Why is it important to give Vitamin K shot at birth? Why is it even more important in babies that are breastfed?
Vitamin K is a fat soluble vitamin needed to produce clotting factors. Vitamin K is very low at birth and has very low concentrations in breast milk. Babies are at risk of bleeding due the Vitamin K deficiency at three different times. They are at risk as soon as they are born called “early” Vitamin K Deficiency Bleeding and is usually in babies born to moms on anti seizure medications or blood thinners. This type of bleed is almost always in the brain or gut. The second time the bleeding can happen is the “classical” Vitamin K Deficiency Bleeding as is from 2-7 days. This bleeding usually is from oozing from umbilical stumps or fresh circumcisions. The final timing of bleeding is “late” Vitamin K Deficiency Bleeding as happens from 3-8 weeks of life. This type of bleeding is almost always to the brain or gut and has no warning before it happens. This type of bleeding almost exclusively happens in babies who didn’t receive their Vitamin K shot at birth and are breastfed.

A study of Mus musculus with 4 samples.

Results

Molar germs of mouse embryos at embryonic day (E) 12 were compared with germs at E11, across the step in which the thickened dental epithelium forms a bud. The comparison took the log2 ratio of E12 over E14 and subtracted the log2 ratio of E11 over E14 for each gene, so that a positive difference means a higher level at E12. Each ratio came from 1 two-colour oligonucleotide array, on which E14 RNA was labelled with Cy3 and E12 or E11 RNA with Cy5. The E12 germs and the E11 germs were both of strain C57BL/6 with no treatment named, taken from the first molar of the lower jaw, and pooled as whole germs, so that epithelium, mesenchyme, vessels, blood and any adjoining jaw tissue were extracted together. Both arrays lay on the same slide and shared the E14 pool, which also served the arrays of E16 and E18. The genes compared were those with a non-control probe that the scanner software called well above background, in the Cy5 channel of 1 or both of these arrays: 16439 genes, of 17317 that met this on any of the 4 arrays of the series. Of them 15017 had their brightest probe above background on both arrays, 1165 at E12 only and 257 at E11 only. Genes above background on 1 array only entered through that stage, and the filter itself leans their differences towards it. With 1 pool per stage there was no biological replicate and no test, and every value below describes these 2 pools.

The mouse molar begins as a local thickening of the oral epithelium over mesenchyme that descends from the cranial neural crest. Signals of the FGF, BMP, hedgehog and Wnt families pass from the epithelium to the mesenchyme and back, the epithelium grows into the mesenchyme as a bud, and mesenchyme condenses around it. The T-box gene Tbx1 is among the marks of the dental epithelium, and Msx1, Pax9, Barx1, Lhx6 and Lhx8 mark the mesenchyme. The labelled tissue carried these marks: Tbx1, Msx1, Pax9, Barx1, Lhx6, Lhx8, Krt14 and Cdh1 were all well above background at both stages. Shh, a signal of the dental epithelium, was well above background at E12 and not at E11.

The Vitamin K shot is given at birth and starts to work in about 20-30 minutes, It is a depo shot, which means it goes into the muscle and leaches out over the next several months in order to prevent all three stages of bleeding. It is estimated that without the shot about 176-420 babies per year would suffer from “classical” or “late” deficiency bleeding and about 20% of them would die. The others due to the site of the bleed would suffer some terrible consequences. It is a great shot and does a lot of good.
Why the increase in breastfed babies? Formula has about 100 times the amount of Vitamin K than breastmilk, so if the babies did not receive the Vitamin K shot at birth, the formula is going to get their stores up to a safe level faster than the breastmilk is going to do.